Democrat pushes stronger policies against hazing in military

Democrat pushes stronger policies against hazing in military

“I’ve made it my mission to end hazing in our armed services because it is unacceptable and indefensible,” Rep. Judy Chu (D-Calif.) said Tuesday.

Chu was testifying before the House Armed Services Committee as part of its annual “Member Day,” when non-committee members lay out what they want included in the National Defense Authorization Act (NDAA).

A Government Accountability Office (GAO) report released last month found the Pentagon and the Coast Guard aren’t adequately tracking hazing incidents in their ranks. That, in turn, is limiting their ability to address the issue.

In a letter responding to the draft GAO report, the Pentagon agreed with the report’s recommendations and highlighted the fact that the military's hazing policy was updated in December.

The suicide of Chu’s nephew, Lance Cpl. Harry Lew, was one a slew of high-profile hazing incidents that prompted Congress to ask for the GAO report.

On Tuesday, Chu detailed the abuse her nephew suffered: fellow Marines subjected him to four hours of “corrective training” that included forcing him to carry a 25-pound sand bag, beating him and smothering him with the bag. Lew committed suicide 22 minutes after the hazing, she said.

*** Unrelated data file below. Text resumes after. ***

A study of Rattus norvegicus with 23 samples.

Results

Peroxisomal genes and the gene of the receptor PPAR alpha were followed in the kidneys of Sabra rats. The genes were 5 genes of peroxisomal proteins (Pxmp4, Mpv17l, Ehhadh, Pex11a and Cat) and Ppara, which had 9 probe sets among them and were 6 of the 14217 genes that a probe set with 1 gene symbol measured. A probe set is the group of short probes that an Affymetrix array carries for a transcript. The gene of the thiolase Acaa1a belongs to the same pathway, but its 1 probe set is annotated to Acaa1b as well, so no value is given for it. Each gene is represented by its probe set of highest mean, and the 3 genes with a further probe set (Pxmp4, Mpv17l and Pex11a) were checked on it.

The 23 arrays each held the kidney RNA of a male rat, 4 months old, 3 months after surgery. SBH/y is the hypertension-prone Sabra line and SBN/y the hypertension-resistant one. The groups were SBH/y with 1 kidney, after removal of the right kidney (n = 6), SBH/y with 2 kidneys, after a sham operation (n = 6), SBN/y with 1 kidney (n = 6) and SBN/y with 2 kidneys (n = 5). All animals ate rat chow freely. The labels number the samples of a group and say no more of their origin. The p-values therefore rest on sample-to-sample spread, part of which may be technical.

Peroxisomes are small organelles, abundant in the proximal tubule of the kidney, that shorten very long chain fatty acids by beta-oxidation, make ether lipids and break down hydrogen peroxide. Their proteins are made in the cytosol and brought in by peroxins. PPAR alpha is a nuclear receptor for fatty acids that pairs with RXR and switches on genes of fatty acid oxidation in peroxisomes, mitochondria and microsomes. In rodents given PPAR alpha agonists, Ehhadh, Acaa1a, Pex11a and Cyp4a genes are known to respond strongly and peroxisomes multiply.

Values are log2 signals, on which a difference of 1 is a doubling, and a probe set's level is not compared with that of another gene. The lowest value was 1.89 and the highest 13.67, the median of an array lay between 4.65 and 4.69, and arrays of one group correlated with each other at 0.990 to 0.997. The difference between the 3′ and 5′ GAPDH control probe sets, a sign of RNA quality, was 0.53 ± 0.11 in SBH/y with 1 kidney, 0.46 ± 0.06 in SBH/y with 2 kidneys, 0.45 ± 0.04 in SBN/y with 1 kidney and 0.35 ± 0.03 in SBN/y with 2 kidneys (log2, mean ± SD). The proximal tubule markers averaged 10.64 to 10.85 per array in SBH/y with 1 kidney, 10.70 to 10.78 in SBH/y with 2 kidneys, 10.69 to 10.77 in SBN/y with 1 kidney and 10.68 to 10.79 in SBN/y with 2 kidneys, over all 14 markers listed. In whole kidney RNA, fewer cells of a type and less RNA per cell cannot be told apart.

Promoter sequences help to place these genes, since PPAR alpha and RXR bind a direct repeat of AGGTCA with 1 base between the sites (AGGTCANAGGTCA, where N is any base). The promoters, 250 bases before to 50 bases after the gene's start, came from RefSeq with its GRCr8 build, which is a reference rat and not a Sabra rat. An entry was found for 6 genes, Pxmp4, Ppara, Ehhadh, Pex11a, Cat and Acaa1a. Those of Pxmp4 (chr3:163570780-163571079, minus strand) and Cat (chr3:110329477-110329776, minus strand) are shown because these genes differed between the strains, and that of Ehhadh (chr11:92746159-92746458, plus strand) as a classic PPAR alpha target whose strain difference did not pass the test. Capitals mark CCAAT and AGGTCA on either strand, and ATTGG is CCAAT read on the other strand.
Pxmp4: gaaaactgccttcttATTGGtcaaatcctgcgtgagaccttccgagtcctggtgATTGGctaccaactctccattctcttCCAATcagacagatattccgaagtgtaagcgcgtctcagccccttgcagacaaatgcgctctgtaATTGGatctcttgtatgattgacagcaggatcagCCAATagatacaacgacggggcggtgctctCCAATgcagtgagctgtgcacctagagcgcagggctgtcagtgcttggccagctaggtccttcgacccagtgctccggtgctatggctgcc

One Marine pleaded guilty to assault, while two others were found not guilty by a military court.

Chu outlined four provisions she wants the committee to include in the NDAA in response to the GAO report.

First, she said, the Pentagon should submit a report to Congress to ensure anti-hazing policies are implemented consistently. Second, Congress should require the Pentagon to improve existing anti-hazing training.

Third, Congress should make the Pentagon create a department-wide policy on how to track hazing instead of leaving it up the individual services. And finally, she said, department-wide surveys should be created to determine the prevalence of hazing.

“Only when he have these changes in place can we truly begin to eliminate hazing in the military,” she said.

Rep. Mac Thornberry (R-Texas), chairman of the committee, said the committee is reviewing the GAO report.

“We want to look at that carefully,” he told Chu, “and will absolutely consider your suggestions on how to further get better information so that we can see what may be appropriate.”